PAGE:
Daily Life


1. Everyday transit

a. Trains

Trains are the major means of transportation in Japan. Transit network systems in city areas are complex but very efficient and punctual. During commuting hours, trains are extremely crowded especially in metropolitan areas.
Fares generally depend on how far you travel. You must purchase a ticket at a ticket vending machine before you ride the train. If you are a frequent train user, you might want to purchase a prepaid electronic pass, Suica or PASMO, which saves you the trouble of buying a ticket every time you travel. With these passes, you can go through ticket gates by simply holding your card over the scanner. For details about Suica and PASMO, see their respective websites.

Suica: http://www.jreast.co.jp/e/
PASMO: http://www.pasmo.co.jp/

If you are a degree-seeking student (either undergraduate or graduate student) and use trains to commute, you are eligible to apply for the student discount commuting pass (Teiki-ken) .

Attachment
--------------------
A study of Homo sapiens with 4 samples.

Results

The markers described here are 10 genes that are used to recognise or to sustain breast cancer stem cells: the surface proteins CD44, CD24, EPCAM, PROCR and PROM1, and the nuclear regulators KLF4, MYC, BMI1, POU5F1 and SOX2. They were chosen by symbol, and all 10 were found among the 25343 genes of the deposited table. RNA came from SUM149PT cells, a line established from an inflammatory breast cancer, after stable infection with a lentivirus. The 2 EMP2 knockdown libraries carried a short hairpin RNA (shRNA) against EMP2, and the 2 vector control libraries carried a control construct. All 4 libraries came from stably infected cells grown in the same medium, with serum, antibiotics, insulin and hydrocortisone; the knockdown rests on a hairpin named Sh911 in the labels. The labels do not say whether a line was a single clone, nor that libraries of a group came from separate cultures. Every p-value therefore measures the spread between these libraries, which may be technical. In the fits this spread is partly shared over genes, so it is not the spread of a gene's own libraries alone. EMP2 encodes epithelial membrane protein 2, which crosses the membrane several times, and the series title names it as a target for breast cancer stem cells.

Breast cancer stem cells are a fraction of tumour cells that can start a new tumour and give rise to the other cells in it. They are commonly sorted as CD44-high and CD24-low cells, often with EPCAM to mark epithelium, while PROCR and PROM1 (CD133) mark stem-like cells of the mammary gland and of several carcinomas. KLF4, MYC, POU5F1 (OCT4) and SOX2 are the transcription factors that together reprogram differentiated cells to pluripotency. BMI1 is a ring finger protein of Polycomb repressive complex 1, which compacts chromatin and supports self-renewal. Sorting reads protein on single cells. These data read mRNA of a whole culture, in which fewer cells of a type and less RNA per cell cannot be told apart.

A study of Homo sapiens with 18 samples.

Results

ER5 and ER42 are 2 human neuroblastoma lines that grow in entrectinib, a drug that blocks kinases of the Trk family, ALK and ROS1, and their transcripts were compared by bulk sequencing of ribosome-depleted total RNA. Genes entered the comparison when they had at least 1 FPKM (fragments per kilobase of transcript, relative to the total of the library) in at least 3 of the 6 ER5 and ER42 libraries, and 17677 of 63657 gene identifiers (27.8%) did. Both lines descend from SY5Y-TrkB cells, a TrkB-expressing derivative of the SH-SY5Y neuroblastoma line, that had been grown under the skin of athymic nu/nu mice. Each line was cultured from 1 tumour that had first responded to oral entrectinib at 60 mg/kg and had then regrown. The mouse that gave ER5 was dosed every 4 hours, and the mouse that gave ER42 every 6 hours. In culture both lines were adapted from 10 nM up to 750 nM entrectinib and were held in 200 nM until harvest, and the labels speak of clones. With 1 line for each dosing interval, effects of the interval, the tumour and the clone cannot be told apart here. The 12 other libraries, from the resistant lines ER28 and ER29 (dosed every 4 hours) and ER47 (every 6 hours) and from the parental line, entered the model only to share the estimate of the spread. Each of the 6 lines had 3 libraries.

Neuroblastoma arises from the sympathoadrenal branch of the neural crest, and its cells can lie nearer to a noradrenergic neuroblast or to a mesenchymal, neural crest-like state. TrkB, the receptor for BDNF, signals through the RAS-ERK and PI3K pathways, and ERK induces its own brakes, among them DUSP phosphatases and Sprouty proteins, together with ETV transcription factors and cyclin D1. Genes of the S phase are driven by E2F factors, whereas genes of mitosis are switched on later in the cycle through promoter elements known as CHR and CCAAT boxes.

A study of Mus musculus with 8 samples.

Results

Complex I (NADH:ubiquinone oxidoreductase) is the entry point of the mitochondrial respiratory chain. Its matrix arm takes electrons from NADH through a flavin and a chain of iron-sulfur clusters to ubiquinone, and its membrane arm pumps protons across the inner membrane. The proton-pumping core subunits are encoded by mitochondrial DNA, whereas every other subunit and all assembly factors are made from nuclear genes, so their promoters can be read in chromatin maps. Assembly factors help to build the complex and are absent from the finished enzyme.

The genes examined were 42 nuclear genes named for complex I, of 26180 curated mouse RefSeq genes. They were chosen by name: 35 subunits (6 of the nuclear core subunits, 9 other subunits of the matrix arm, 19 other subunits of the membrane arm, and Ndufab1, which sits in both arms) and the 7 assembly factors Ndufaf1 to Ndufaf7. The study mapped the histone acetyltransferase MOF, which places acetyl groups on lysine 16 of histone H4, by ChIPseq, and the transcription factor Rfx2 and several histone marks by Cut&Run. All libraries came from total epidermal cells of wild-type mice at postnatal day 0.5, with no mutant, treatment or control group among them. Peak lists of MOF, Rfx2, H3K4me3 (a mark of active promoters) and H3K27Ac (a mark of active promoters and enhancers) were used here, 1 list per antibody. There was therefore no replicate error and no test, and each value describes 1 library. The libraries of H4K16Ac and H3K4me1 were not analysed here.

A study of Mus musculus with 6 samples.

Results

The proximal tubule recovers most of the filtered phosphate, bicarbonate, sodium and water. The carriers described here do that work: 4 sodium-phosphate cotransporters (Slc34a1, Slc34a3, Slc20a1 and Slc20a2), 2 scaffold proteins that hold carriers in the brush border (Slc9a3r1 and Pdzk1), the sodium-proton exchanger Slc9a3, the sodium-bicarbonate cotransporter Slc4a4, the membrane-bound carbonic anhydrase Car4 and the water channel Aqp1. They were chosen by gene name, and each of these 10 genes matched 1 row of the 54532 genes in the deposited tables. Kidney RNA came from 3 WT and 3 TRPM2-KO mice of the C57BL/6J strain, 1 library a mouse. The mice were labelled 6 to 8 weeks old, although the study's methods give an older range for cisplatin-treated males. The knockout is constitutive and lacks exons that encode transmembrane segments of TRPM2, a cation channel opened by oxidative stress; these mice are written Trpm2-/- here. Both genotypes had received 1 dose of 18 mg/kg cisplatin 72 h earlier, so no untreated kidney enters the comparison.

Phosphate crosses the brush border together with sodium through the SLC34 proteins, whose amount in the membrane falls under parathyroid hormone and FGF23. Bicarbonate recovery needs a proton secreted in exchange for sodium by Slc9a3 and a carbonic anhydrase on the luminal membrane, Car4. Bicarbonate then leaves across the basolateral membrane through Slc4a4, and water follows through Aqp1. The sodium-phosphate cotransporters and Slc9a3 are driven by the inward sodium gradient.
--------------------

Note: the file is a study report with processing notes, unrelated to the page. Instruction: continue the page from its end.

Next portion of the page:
b. Buses

The bus transportation network is also quite extensive in city areas and very punctual. Each bus stop has a unique name, usually named after the area or a nearby landmark. On the bus, an announcement will tell you the next bus stop. The fare can be paid using Suica or PASMO for most bus services in city areas; the fare is paid before or after riding, depending on the route.

2. At your leisure

a. Bullet trains (Shinkansen)

Shinkansen is a long-distance transportation train offered by Japan Railways (JR) and is known for its high speed, style, service, and punctuality. Many tour packages visiting famous cities and historic places throughout Japan by Shinkansen are offered at relatively low fares. For more information, refer to the following website.


b. Airlines

Flying is another way to travel within Japan, especially to other islands. Besides the major airline companies, All Nippon Airways (ANA) and Japan Airlines (JAL), low cost carriers (LCC) are on the rise in Japan.